Hockey and Swan set to unveil banking reform measures as sector profit hits $28.5 billion

The rush to reform Australia’s banking sector is on. Treasurer Wayne Swan and his Opposition counterpart Joe Hockey are lining up to deliver banking reform measures as community anger grows at the $28.5 billion profit delivered by the sector in 2009-10.

Reports suggest Hockey will today unveil legislation designed to give the Australian Competition and Consumer Commission greater powers to investigate the tactic of “price signalling”, where banking executives talk about the potential for interest rate rises before they actually implement them.

Treasurer Wayne Swan has said he will introduce a number of banking reforms in December, but Hockey says action must be taken now.

“Wayne Swan huffs and puffs at the Commonwealth Bank and then he gets on a plane and takes off,” Hockey said.

“Well, he said he’s been working on initiatives for months – where are they? Release them now before the other three major banks come out with their increases in the mortgage rate for everyday Australians.”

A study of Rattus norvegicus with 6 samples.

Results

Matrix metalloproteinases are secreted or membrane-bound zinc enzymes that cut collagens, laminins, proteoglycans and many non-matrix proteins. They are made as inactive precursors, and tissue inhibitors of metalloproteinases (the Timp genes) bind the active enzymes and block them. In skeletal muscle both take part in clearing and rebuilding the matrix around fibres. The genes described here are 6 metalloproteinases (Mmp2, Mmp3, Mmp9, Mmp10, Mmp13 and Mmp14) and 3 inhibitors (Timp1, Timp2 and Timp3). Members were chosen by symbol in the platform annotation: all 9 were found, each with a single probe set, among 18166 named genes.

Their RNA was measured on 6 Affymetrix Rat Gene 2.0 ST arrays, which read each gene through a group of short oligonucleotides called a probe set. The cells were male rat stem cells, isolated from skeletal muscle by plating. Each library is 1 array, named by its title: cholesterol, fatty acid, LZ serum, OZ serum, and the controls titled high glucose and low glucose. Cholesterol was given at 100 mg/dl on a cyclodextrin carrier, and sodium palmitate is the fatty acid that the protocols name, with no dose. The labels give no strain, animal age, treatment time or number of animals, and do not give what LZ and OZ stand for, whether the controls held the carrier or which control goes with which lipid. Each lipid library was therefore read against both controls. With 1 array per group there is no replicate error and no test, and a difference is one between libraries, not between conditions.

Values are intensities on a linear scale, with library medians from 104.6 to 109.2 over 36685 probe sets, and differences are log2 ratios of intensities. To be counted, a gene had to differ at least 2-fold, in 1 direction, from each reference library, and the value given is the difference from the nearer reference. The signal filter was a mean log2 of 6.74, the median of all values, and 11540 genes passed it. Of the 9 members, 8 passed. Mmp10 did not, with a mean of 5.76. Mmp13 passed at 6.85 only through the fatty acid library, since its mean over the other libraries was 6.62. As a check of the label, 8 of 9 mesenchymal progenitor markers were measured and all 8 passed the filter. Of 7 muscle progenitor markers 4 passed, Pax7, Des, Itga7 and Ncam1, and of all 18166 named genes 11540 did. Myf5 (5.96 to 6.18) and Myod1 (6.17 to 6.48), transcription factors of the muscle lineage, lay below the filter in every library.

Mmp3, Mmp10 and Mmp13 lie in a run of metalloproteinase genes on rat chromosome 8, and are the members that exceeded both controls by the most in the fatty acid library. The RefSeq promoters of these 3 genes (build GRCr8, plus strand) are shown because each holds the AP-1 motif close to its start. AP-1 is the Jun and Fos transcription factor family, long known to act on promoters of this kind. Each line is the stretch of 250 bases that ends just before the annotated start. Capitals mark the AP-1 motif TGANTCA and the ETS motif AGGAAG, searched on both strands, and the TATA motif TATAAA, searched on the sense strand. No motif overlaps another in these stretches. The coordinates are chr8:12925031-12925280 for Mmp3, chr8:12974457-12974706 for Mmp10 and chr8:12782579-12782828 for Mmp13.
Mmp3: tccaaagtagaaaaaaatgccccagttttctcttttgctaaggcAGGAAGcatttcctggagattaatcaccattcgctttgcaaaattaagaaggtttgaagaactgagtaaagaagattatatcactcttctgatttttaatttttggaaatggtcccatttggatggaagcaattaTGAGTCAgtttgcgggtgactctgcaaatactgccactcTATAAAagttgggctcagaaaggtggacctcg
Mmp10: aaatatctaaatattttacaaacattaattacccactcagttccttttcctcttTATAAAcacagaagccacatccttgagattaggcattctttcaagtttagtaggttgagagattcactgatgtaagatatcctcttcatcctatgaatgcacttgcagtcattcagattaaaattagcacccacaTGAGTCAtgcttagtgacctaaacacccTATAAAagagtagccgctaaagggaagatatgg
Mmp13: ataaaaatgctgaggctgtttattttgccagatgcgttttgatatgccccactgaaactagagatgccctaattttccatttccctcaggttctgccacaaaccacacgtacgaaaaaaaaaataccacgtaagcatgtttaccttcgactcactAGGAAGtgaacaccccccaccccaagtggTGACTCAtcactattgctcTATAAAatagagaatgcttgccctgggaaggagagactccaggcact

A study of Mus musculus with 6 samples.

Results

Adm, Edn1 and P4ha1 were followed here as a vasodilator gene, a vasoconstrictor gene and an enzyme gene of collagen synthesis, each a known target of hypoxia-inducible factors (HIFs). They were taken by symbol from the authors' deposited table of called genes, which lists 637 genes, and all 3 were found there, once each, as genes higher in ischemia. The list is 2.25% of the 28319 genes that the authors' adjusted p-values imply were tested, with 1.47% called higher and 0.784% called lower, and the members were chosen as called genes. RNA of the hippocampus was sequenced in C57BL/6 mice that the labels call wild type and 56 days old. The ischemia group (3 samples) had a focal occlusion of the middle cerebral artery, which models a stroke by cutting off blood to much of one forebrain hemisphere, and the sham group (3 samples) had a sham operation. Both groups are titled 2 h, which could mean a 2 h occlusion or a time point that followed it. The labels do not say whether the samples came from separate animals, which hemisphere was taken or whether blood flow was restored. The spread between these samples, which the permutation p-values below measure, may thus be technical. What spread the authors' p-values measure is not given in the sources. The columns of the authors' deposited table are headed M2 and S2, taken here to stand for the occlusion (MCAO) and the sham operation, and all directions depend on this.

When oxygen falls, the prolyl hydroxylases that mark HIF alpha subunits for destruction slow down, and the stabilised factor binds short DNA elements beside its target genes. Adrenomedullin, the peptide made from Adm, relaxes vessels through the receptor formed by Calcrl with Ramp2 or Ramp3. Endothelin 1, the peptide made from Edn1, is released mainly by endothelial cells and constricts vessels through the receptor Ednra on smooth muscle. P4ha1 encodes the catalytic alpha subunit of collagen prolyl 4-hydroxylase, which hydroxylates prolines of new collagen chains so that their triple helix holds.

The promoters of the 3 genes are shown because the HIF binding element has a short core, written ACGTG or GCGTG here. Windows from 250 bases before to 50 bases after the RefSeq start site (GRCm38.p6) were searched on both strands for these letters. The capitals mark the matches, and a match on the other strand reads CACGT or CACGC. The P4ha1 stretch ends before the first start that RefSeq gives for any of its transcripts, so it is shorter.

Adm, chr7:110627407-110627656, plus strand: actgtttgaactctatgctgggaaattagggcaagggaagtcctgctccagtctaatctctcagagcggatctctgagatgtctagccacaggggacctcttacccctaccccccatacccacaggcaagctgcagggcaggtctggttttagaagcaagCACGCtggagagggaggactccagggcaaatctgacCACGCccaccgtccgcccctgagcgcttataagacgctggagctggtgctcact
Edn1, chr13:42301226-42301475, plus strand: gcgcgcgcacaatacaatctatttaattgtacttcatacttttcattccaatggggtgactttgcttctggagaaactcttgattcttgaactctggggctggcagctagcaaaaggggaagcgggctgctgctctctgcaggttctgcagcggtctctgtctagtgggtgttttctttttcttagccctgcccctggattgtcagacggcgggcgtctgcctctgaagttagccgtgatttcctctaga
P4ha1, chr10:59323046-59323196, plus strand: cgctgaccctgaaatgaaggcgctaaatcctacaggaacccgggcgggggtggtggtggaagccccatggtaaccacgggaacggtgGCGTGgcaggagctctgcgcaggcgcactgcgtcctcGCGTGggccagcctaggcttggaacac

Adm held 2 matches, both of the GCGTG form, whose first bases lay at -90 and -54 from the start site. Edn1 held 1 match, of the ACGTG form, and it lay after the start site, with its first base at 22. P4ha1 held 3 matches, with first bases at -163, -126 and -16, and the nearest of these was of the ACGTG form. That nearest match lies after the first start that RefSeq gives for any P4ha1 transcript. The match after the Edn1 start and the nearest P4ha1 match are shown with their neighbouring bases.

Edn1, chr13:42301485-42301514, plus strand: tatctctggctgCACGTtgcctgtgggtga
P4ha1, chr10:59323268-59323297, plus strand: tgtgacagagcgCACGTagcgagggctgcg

Hockey is tipped to introduce legislation into Parliament that would support his nine-point banking plan, the top item on which is a crackdown on price signalling.

Former ACCC boss Allan Fels has also said the Government needs to change the Trade Practices Act to stamp out the problem.

“Often it’s to soften up the market, soften up the public opinion market, to let other banks know that some banks are keen to put up their prices,” he told the ABC.

“It would be useful to have some provisions in the Act that would catch that sort of behaviour.”

Prime Minister Julia Gillard has joined in the latest round of bank bashing, slamming the Commonwealth Bank’s decision to lift rates by 45 basis points, well above the RBA’s 25 basis point rise.

However, she has ruled out drastic action such as intervening in the setting of interest rates.

“We’re not going down that regulate-the-interest-rate path. That’s economics discarded for the last 30 years. But we are increasing competition which puts the pressure on the banks to do the right thing.”

Figures released yesterday suggest the banks have had a good year, with total profit in the sector hitting $28.5 billion.

However, analysis from accounting firm KPMG said that while profits are impressive, returns aren’t as good as might be expected. Return on equity in the sector was 16%, well below the 20% seen before the GFC.

However, the analysis did show a 36% fall in loan impairment charges, suggesting the banks have largely come through the worst of the GFC.